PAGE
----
Clinical Biomechanics 2024 April 13
BACKGROUND: Instrumented measurements of postural control provide a more accurate insight into the motor development of children with autism. This study aimed to identify postural control deficits in autistic children during quiet standing before and after transient locomotor task. It was hypothesized that the parameters that characterize the trajectory of center of foot pressure (COP) displacement would be higher in autistic children compared to typically developing children.

METHODS: Sixteen autistic children aged 6-10 but without a comorbidity diagnosis, were enrolled in the study group. The control group comprised 16 typically developing peers. The assessment of the transitional task comprised four different conditions: unperturbed and perturbed transition, stepping up, and stepping down tasks. Analysis of the COP signal was carried out for three distinct phases, i.e., phase 1 - quiet standing before step initiation, phase 2 - transit, and phase 3 - quiet standing until measurement completion.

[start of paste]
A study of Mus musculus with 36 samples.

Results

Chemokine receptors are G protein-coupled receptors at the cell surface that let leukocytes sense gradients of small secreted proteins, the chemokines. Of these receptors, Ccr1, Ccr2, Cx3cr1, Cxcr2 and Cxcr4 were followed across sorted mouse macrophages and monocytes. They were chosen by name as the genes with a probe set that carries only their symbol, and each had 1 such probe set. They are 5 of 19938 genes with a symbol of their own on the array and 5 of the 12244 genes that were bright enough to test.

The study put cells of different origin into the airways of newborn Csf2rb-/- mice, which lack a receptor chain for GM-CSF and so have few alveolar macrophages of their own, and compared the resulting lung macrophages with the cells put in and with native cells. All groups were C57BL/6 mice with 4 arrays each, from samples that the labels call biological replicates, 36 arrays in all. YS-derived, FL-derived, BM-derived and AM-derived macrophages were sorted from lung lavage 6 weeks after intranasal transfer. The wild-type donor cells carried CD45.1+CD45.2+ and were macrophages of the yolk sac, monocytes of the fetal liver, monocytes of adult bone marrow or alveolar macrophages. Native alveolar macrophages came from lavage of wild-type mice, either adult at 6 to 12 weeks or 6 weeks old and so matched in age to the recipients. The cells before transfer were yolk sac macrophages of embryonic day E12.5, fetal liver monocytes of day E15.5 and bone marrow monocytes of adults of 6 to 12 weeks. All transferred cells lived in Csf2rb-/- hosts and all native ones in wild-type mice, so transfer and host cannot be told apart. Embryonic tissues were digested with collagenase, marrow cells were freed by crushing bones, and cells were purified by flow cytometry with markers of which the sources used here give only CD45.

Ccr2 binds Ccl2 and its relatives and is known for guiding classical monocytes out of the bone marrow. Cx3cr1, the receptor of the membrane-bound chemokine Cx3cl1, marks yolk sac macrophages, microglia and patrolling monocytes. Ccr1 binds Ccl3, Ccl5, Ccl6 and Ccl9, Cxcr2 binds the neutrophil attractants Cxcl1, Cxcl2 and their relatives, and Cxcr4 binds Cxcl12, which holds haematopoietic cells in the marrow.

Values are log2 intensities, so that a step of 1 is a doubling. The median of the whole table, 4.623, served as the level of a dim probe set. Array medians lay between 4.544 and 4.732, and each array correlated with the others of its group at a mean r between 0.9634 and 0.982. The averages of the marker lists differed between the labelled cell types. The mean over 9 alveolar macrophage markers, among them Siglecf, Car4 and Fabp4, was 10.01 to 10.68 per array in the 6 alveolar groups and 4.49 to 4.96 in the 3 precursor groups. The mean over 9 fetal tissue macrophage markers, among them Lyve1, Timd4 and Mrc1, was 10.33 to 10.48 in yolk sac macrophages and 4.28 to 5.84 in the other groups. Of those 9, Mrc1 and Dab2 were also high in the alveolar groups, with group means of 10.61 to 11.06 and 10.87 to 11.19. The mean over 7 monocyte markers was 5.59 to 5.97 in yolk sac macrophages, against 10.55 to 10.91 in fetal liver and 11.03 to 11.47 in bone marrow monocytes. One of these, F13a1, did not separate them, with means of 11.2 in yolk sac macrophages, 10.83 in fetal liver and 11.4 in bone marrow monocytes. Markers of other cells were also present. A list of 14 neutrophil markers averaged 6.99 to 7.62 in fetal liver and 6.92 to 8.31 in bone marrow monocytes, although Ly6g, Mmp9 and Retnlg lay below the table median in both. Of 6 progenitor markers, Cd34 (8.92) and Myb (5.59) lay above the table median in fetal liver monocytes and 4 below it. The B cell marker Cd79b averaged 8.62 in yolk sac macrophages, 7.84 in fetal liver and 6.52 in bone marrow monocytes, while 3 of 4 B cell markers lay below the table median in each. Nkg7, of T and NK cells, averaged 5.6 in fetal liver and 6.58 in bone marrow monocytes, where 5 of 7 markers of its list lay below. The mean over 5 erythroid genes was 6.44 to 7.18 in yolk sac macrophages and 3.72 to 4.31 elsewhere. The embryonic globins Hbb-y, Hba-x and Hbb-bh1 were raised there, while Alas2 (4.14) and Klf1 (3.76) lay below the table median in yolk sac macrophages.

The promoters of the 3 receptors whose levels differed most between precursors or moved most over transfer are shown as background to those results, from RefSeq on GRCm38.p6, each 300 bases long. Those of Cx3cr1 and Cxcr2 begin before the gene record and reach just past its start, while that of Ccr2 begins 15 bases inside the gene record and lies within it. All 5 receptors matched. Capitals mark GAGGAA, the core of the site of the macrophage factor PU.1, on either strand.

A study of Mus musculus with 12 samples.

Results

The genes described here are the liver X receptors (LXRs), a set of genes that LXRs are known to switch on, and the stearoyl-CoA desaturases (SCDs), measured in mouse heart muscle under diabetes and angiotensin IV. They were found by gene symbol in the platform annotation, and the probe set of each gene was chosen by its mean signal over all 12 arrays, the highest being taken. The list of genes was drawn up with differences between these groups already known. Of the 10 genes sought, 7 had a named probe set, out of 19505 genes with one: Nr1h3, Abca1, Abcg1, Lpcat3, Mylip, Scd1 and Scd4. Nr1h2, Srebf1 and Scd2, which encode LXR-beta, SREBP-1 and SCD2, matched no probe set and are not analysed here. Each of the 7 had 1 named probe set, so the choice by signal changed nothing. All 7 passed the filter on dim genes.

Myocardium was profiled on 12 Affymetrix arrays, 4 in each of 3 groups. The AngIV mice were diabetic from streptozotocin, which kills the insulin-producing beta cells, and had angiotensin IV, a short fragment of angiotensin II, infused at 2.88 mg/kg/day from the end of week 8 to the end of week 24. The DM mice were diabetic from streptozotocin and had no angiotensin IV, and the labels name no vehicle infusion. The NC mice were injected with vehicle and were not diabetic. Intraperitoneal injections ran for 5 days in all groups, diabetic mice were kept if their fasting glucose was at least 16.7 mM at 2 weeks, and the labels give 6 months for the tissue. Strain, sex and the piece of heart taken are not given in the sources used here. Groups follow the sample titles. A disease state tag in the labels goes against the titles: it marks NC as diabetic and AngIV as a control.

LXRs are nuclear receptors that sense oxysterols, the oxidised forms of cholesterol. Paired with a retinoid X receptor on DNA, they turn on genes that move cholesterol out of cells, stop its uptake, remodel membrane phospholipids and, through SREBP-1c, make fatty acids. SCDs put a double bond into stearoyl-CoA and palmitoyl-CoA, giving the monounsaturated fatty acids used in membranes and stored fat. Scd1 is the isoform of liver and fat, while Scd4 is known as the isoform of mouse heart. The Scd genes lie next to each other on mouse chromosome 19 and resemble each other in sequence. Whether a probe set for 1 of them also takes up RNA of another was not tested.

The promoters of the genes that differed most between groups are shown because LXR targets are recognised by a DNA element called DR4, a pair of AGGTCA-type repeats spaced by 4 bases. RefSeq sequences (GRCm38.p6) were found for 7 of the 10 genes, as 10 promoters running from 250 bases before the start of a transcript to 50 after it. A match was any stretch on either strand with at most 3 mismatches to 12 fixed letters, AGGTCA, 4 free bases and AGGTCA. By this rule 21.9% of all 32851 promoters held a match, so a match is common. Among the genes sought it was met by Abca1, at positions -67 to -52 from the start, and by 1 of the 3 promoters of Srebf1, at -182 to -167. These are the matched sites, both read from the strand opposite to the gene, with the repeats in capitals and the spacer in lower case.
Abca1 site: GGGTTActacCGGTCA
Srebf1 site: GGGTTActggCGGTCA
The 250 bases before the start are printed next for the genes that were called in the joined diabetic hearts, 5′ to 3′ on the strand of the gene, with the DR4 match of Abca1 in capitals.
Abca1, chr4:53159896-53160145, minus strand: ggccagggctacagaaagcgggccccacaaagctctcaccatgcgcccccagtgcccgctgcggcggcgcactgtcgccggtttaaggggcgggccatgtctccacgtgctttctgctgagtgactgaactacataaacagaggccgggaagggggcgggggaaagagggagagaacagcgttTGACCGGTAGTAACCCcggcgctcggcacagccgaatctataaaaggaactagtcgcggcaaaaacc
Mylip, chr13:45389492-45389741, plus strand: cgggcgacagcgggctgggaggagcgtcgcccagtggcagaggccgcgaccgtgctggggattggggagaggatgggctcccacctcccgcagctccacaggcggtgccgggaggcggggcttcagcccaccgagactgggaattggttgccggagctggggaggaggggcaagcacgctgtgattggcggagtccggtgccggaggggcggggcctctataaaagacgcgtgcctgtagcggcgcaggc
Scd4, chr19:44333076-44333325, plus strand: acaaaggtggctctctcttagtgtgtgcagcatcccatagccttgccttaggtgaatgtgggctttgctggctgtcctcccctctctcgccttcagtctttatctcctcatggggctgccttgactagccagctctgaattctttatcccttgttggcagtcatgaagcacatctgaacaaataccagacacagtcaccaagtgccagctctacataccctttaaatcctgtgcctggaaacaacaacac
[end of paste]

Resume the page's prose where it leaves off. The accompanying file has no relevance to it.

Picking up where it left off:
FINDINGS: The two-way ANOVA with a 2 × 4 factorial design (group × testing condition) revealed a group effect on all posturographic variables in the antero-posterior and medio-lateral directions of phase 1 and in the antero-posterior direction of phase 3. The Bonferroni post-hoc test showed the means of all those variables were significantly higher for the autistic than for typically developing children. Group allocation also had an effect on the time of transit and step length, which turned out to be significantly longer in autistic children compared to healthy peers.

INTERPRETATION: Autistic children show increased postural sway before and after transitional locomotor tasks compared to typically developing children. The trial was prospectively registered in the Australian and New Zealand Clinical Trials Registry (no. ACTRN12621001113842; date registered: 23.08.2021).